Comet LINEAR 2001/A2: The Little Comet That Could

(A revised and expanded version of an article originally published in the September 2001 issue of Eyepiece)


Comet LINEAR 2001/A2 on July 26, 2001. The image shows isophotes, zones of equal
brightness around the coma. Photo copyright 2001 Gianluca Masi, used by permission.
For more of Gianluca's comet photos, see
www.bellatrixobservatory.org


When Comet LINEAR (2001/A2) was discovered in January as a 19th-magnitude object, nobody expected it to become more than an unassuming blob, barely visible from the New York City area in any telescope, when at its best. Yet the comet exceeded all expectations, peaking around June 13 at better than magnitude 3.5—over 100 times its predicted brightness—thanks to a very active nucleus that crumbled and split several times, releasing a large amount of material to fuel its brightness. By May it had become an easy naked-eye sight for people in southern latitudes, and it remained bright through mid-July as it swung north into our skies. This surprising object has put on the best cometary show since Hale-Bopp’s passage in 1997. As David Levy once said, "Comets are like cats; they both have tails, and they do exactly what they want."

For the first couple of months after discovery, LINEAR showed no unusual characteristics, brightening to magnitude 13 by late March. But around March 25, an Australian observer, Michael Mattiazzo, noted that it had suddenly brightened to magnitude 10; by March 30 it had jumped to magnitude 8, a hundredfold increase in brightness in a matter of days. Cometary outbursts are often short-lived, but LINEAR showed no signs of flagging. By late April, the comet was a naked-eye object, and remained so for observers with dark skies for over two months. On April 30, what many astronomers had suspected was shown to be true: LINEAR’s nucleus had split in two, feeding the cloud of gas and dust known as the coma that surrounds the nucleus, and spurring its binge in brightness. In mid-May, one of the two fragments itself split in two, and now the comet had three nuclei moving in formation. LINEAR reached perihelion on May 24, passing about 73 million miles from the sun, and came closest to Earth around June 30, just 23 million miles away.

I first saw LINEAR on July 2, from Ann Arbor, Michigan, a city of nearly 100,000 even with the University of Michigan’s campus in its summer slow season. A couple of hours before dawn, I walked out to a nearby park. I knew the comet was located below the Great Square of Pegasus, so I scanned with my binoculars and soon found it: a bright fuzzball with no discernable tail. It looked rather similar in brightness and appearance to the Andromeda Galaxy, well to the comet’s upper left. Though it was about magnitude 4.5, I was unable to see it with the naked eye; summer haze and light pollution impeded the view. I saw five days later, again from Ann Arbor; it had rapidly moved north through Pegasus away from the predawn glare. On July 14 and 15, when I observed LINEAR from Westport, Connecticut, it had already become visible in the midnight sky as it pulled away from both Earth and Sun and headed into the depths of space. It was still quite bright, magnitude 5 or better. It turns out it was undergoing another mini-outburst, but it soon faded; later in the week, I tried to observe it on several nights from Queens, NYC, with haze and nearby lighting to add to the normal severe light pollution, without any luck. By month’s end it had already faded to 7th magnitude. As of September 19, it was down to magnitude 13.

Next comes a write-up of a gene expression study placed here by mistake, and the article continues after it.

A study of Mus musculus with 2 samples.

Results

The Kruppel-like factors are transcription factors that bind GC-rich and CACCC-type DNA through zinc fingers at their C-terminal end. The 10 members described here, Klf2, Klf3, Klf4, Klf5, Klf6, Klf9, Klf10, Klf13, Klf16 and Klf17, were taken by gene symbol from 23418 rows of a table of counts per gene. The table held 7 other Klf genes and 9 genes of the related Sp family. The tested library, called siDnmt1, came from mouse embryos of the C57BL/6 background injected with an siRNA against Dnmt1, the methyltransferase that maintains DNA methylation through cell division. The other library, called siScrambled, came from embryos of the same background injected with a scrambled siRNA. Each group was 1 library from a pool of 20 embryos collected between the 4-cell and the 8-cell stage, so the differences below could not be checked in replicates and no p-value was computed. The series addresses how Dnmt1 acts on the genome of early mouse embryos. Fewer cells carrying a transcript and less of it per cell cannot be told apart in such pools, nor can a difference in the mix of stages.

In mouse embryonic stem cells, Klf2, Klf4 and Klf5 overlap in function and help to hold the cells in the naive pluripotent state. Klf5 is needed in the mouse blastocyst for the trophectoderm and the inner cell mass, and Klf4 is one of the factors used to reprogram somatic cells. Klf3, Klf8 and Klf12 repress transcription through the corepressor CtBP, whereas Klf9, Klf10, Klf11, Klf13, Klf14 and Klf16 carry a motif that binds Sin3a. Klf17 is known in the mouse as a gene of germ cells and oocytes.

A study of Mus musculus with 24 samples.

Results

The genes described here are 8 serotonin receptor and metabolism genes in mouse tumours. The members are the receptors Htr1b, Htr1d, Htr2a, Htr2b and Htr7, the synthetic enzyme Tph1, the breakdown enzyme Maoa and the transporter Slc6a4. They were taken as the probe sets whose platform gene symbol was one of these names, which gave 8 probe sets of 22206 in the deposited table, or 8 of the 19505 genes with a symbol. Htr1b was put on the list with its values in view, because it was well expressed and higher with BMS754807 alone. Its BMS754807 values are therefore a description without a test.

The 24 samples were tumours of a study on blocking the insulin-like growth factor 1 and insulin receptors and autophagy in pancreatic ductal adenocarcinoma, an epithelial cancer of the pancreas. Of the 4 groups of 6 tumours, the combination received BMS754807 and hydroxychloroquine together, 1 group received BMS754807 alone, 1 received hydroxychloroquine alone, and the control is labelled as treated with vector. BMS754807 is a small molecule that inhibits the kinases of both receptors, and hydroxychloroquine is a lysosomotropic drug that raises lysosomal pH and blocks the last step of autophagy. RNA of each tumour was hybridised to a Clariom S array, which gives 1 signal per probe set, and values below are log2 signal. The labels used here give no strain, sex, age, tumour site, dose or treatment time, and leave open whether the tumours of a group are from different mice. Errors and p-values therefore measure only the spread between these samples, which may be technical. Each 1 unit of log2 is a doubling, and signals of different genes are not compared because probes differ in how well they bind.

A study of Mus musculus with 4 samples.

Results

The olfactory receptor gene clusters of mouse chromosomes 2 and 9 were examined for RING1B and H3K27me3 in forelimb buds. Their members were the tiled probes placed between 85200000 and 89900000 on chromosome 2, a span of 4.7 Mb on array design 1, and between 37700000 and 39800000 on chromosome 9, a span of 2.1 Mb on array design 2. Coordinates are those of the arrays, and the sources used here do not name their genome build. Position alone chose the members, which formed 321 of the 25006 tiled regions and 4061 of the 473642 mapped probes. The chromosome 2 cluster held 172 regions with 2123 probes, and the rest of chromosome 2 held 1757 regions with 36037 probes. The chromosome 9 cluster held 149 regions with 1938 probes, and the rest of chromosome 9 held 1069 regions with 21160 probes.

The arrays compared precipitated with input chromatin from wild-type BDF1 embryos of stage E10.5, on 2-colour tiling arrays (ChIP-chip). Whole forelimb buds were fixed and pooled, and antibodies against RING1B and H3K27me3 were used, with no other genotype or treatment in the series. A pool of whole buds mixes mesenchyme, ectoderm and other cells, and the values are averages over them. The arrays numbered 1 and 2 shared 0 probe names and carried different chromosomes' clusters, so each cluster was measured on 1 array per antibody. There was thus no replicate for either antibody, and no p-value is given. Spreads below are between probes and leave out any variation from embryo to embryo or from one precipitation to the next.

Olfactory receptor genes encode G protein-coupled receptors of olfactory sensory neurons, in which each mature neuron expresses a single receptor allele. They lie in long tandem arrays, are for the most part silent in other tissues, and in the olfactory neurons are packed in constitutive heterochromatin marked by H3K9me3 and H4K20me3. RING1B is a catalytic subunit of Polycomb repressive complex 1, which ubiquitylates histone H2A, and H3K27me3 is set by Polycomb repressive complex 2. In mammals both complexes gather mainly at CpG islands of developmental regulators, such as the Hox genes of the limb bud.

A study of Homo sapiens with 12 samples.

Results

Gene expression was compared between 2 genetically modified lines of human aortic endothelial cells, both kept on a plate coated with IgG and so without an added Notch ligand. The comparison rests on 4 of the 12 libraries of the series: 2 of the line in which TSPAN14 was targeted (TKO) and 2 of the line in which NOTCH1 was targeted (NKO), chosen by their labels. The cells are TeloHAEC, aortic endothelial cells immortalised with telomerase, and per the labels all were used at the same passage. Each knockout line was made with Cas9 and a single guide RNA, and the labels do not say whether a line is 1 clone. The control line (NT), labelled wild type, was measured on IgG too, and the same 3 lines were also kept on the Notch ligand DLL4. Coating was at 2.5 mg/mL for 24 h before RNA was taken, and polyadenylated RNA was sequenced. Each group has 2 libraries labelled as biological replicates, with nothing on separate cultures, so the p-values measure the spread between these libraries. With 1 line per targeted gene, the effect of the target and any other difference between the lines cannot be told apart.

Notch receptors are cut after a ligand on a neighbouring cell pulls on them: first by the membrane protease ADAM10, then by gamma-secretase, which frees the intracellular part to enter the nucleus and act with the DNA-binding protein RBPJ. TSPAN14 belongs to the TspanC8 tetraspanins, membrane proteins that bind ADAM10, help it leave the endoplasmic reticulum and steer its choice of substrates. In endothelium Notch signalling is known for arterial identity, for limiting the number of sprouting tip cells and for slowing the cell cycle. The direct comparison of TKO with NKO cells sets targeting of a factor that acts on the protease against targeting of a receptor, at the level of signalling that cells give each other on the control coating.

Comet LINEAR is in a highly elongated orbit, with a period of approximately 30,000 years, originating in the outer Kuiper Belt. It is making one of its first visits to the inner solar system, and is unusually active for such a "new" comet. This has given astronomers a rare opportunity to study relatively pristine matter left over from the formation of the solar system that has existed in a frozen form for billions of years.

This comet was the 54th comet discovered by Project LINEAR (Lincoln Near-Earth Asteroid Research), an automated sky survey designed to locate objects with orbits that intersect with Earth’s and could conceivably collide with our world. It is an MIT project funded by the U.S. Air Force that uses a 1-meter Cassegrain telescope at the White Sands Missile Range in Socorro, New Mexico to collect CCD images of the night sky. The images are then transmitted to MIT’s Lincoln Laboratory in Massachusetts, where they are checked and sent on to the Minor Planet Center, where any discoveries are recorded. In addition to discovering numerous near-Earth asteroids, Project LINEAR has picked up large numbers of comets (over 60 at last count), including many that would have otherwise been discovered visually by amateurs. Through 1999, about a half-dozen comets were found each year by amateurs; in each of the past two years, only one amateur visual discovery was made. Another Comet LINEAR, this one designated 2000 WM1, may approach naked-eye visibility when at its best this winter (though it is currently lagging well behind early predictions; as October opens it’s about magnitude 11.5).